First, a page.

A Few Key Aspects of Our Valuation Process
- Review practice financials and trends
- Valuate the surrounding community
- Study demographics and area veterinary hospital density
- Analyze payroll date and staff longevity
- Equipment and recent capital upgrades
- We examine production reports and revenue by category
Common methods used to determine up with a value:
Asset valuation is used when a company is asset-intensive. Retail businesses and manufacturing companies fall into this category. This process takes into account the value of the fixed assets. This is often appropriate for startups, smaller offices or those with little to no profit.
Capitalization of income valuation
This method places no value on fixed assets such as equipment, and takes into account a greater number of intangibles. This valuation method is best used for non-asset intensive businesses like service or professional businesses.
Owner benefit valuation
This formula focuses on the seller’s discretionary cash flow and is used most often for valuing businesses whose value comes from their ability to generate cash flow and profit. To broadly outline the synopsis of the process you multiply the owner benefit (once determined) times “X”to get the market value. The multiplier takes into account standard figures such as return on investment, a living wage equal and debt service.
Multiplier or market valuation
This approach finds the value of a business by using an “industry average” sales figure as a multiplier. This industry average number is based on what comparable businesses have sold for recently. As a result, an industry-specific formula is devised, usually based on a multiple of gross sales. This is where some people have trouble with these formulas, because they often don’t focus on bottom line profits or cash flow. Additionally they don’t take into account how different two businesses in the same industry can be.
Once the valuation process by TPSG is completed, we proceed to market. There the practice is presented to buyers in a consistent and organized marketing book. Advertising is clearly of critical importance and this is why national, regional, and local advertising is undertaken.
We use our buyer database to put qualified buyers with sellers in their respective geographic areas. All sales are handled with the utmost confidentiality for both seller and buyers.
After a fair sales price is negotiated with the buyer, the process moves forward, and we provide the following key assistance and information:
- Help with legal and document support
- Finding financial loan assistance for the buyer
- Overcome any obstacles during negotiations and closing
- Arranging and helping to insure a smooth practice transition process for practice takeover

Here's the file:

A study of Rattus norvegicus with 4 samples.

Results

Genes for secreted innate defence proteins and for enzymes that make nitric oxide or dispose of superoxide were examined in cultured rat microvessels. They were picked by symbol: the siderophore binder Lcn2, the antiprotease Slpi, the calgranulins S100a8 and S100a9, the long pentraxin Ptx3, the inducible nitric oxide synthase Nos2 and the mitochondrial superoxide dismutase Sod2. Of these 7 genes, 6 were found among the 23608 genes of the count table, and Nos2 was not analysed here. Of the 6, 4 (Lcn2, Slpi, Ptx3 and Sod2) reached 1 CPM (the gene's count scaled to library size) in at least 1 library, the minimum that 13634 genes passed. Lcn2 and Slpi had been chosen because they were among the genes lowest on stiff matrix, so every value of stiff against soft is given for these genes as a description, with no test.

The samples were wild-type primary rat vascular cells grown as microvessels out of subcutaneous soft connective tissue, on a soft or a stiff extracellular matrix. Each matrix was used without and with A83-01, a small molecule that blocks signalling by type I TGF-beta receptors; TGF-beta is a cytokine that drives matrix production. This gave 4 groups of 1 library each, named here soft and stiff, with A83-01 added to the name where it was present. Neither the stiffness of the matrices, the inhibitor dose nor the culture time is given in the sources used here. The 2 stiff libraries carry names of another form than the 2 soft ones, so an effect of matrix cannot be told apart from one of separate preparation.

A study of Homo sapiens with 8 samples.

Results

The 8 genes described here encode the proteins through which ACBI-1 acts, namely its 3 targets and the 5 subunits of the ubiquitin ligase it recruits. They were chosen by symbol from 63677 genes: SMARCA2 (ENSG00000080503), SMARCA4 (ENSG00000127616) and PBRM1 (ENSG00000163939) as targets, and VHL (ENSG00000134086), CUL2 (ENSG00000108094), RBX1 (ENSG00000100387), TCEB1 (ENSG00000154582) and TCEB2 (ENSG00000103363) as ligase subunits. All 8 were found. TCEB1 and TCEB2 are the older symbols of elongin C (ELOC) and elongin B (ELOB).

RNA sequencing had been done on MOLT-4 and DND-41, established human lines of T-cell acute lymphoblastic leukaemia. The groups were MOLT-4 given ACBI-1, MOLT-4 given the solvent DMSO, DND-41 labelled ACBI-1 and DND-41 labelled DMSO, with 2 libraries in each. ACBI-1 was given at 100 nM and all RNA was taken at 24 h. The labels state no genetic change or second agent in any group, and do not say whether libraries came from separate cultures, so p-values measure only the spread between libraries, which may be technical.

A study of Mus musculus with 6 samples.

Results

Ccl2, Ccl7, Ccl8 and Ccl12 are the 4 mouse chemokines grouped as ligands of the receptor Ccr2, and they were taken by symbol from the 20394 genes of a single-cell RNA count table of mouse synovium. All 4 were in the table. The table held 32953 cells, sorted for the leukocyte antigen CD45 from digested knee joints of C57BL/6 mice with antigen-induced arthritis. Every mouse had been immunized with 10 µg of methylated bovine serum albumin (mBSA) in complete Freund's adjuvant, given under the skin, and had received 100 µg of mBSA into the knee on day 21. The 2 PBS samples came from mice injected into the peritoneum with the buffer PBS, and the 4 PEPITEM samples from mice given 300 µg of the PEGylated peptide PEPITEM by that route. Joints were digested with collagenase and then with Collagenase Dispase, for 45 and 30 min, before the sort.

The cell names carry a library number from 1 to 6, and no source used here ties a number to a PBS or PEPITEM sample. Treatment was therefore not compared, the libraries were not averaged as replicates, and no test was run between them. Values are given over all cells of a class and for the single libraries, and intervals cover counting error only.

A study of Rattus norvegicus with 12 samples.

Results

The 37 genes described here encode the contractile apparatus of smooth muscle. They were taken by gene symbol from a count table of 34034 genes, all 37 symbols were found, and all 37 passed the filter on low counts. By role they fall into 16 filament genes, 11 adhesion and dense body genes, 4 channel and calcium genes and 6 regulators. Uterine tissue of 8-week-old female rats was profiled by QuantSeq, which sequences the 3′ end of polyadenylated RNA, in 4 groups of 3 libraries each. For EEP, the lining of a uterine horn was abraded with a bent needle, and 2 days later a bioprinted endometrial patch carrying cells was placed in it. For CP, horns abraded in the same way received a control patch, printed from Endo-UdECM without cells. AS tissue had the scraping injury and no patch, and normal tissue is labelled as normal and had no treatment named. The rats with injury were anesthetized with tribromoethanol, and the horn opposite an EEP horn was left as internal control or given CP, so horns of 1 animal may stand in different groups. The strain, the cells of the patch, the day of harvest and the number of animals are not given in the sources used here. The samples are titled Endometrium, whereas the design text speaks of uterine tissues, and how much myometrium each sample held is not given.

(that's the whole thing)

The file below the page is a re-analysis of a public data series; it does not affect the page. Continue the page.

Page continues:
- Helping buyer or seller find appropriate legal financial and accounting professionals if needed
- Getting all parties to the closing table in an orderly time frame
The most critical aspect in determining the fair market value of the veterinary practice is choosing the appropriate valuation method for an appraisal. Whether its capitalizing excess earnings methods or the discounted economic income method or some other method, our team understands and has worked with all the popular appraisal methods. We can help guide you through the process.
Fair market value means the cash price at which the property would change hands between a willing buyer and a willing seller when the former is not under any compulsion to buy and the latter is not under any compulsion to sell, both parties having reasonable knowledge of all the relevant facts. Fair market value, therefore, assumes no specific buyer or seller.
Valuing a practice requires an in-depth analysis of the practice’s historical operations. It also requires the appraiser to evaluate the likelihood of future operations continuing at a similar level of profitability, since a buyer of such a practice is purchasing not only the practice’s assets but also the future stream of income which these assets may generate.
There is no single valuation method that can be applied to all practices. Therefore, the appraiser must consider many different factors as well as the financial information for the practice. The most difficult asset to evaluate is good will. Goodwill is a generic term used to describe a practice’s intangible assets. It includes the value of the practice as a going concern (the benefit of having the equipment, client list, staff, patient records, etc. already assembled and functioning); the reputation of the clinic and its doctors within the community; the right to practice general veterinary medicine; and perhaps the opportunity to work in one or more specialties as well. The presence of goodwill is indicated by earnings which exceed a normal return on invested capital.
In order to arrive at the precise price for a practice, the entire practice and all factors and variables must be considered. This requires access to accurate practice financial data. Our expertise and experience will ensure your practice is valuated correctly, fairly and at an optimum sales price.